There are many drainage aspects to this project.:
- Long drain behind the upper retaining wall to prevent water placing pressure behind the wall.
- Trench drain on top of that wall for surface water.
- Trench drain on the pool deck for splash water and rain.
- Subsurface drain for edge landscaping.
- Drainage for flower bed.
- Drain beneath pool to prevent hydrostatic pressure.
We're addressing this last one today.
If the level of the water under and around the pool ever exceeds the water level in the pool, the pool will become buoyant, putting tremendous upward pressure on it. In many cases, the pool will actually rise out of the ground. This is true of both concrete and fiberglass pools* and most often occurs when emptying the pool or when the pool water level is low and heavy rains raise the level of water under the pool.
The results can be hilarious or catastrophic, depending on whether you're the owner:
Image credit: Daily Mail
On a level site, a standpipe dewatering system is the usual defense against this situation. A standpipe consists of a straight pipe with a cap on top that runs from the pool deck vertically down through the ground to the level of the bottom of the pool (but beside it). If the pool water level ever needs to be lowered significantly, the cap is removed and a hose can be dropped down the pipe to pump out any built up water first.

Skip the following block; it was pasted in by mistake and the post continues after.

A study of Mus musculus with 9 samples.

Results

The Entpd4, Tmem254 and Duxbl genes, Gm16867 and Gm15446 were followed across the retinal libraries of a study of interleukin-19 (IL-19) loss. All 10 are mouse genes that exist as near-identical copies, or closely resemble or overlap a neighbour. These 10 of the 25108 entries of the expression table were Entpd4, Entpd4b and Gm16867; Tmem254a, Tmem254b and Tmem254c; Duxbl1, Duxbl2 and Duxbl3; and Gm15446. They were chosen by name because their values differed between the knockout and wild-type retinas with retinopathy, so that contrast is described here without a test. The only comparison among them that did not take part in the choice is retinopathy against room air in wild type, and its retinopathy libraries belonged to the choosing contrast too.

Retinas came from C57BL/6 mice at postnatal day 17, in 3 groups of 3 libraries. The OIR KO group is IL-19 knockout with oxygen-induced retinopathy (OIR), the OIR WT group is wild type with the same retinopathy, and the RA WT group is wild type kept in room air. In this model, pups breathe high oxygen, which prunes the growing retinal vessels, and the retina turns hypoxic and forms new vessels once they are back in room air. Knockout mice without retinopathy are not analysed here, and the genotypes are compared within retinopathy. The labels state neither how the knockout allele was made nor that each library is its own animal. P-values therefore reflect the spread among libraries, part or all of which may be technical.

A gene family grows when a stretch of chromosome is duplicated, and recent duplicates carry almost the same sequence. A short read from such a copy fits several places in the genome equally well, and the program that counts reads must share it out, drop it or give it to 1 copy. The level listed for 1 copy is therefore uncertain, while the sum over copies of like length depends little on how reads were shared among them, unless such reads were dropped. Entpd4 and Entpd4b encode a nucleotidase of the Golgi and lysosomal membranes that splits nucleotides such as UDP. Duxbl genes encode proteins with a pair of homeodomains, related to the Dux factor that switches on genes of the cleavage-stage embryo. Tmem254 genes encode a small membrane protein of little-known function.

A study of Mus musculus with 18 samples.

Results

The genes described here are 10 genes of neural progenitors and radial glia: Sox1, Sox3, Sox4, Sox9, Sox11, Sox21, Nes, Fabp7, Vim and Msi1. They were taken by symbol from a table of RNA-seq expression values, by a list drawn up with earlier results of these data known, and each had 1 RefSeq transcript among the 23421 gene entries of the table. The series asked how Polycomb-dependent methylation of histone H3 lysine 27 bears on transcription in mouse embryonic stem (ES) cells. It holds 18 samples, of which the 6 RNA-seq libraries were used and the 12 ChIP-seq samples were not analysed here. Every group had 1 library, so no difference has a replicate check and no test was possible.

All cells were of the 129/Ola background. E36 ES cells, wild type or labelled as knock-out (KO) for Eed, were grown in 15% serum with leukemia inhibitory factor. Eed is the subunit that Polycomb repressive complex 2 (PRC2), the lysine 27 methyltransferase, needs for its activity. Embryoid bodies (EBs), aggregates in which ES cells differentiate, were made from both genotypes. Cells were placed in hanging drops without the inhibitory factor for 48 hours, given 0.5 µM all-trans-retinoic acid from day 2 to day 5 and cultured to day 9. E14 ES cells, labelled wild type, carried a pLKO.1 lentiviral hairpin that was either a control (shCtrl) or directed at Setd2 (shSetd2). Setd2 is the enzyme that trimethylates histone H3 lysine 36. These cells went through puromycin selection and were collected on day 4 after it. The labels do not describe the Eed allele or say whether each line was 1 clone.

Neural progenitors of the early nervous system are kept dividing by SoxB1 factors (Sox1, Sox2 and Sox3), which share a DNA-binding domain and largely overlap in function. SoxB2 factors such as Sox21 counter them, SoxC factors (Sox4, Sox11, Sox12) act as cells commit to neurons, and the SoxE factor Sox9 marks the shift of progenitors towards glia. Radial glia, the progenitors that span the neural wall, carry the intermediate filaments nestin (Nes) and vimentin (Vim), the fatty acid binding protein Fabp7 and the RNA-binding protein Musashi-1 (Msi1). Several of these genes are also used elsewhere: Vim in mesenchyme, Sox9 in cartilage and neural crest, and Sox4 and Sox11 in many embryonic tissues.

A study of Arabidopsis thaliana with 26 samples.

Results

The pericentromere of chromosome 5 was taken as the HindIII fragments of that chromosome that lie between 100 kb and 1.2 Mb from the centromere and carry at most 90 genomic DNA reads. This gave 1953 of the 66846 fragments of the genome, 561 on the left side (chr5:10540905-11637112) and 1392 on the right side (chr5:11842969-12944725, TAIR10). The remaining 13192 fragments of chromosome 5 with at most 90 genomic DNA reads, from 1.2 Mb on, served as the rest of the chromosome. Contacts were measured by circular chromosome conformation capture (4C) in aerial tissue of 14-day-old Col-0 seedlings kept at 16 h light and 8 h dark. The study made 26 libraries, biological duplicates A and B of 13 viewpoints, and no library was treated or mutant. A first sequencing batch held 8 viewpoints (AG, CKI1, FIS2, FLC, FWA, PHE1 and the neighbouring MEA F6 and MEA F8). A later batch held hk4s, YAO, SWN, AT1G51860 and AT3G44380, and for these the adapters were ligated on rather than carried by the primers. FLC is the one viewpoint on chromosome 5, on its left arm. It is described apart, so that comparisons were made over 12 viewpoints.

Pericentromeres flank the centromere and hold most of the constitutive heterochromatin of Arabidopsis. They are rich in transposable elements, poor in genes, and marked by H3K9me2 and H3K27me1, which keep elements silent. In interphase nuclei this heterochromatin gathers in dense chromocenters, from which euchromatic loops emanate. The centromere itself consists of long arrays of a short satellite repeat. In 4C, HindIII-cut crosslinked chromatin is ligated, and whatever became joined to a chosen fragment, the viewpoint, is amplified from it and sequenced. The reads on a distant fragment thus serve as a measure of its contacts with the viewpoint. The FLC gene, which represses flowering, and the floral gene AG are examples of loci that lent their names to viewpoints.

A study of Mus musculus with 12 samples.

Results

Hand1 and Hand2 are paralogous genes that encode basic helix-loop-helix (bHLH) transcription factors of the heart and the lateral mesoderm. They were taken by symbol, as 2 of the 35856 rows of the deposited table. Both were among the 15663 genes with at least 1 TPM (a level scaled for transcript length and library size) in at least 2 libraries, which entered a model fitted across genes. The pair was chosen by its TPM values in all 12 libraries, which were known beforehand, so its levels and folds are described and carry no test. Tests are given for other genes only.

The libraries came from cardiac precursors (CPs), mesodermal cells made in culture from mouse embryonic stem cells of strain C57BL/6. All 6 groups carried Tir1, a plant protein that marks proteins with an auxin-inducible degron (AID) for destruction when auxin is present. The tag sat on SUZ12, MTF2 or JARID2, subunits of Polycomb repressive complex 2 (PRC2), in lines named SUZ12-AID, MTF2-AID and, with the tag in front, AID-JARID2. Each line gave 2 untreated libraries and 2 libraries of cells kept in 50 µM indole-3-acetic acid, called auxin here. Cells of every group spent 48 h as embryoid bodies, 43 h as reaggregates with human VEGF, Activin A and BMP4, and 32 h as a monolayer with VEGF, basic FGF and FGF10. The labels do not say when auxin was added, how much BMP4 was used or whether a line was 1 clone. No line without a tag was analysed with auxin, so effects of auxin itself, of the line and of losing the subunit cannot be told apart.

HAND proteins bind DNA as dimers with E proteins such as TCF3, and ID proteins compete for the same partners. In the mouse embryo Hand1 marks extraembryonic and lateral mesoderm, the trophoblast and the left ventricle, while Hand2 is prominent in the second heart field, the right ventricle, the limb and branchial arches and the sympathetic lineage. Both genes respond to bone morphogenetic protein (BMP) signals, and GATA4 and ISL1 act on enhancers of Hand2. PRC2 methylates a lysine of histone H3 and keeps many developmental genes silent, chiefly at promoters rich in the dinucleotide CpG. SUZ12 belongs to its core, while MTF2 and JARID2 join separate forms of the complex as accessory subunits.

Our steeply sloped site allows us to install a drain that drains to the atmosphere. That is, a drain from under the pool to an above ground area at a lower elevation than the bottom of the pool.
The entire property slopes downwards to the rear and the right (when facing the rear). For drainage, there is a small rock stream running down the right side adjacent to the boundary fence which drains to the stormwater system. All of our drains will be draining to this location via a 100mm agpipe.
The pipe feeds back uphill and terminate in a a gravel pit adjacent to the deepest point of the pool. The other drainage sources will connect to this pipe at various points.
The pit will be enlarged and protected with a geotextile barrier once the pool base is prepared. Between the pool and the rock stream, the agpipe snakes through the garden:
* Since concrete is denser than water, the exterior water level needs to exceed the interior level by some amount to achieve buoyancy.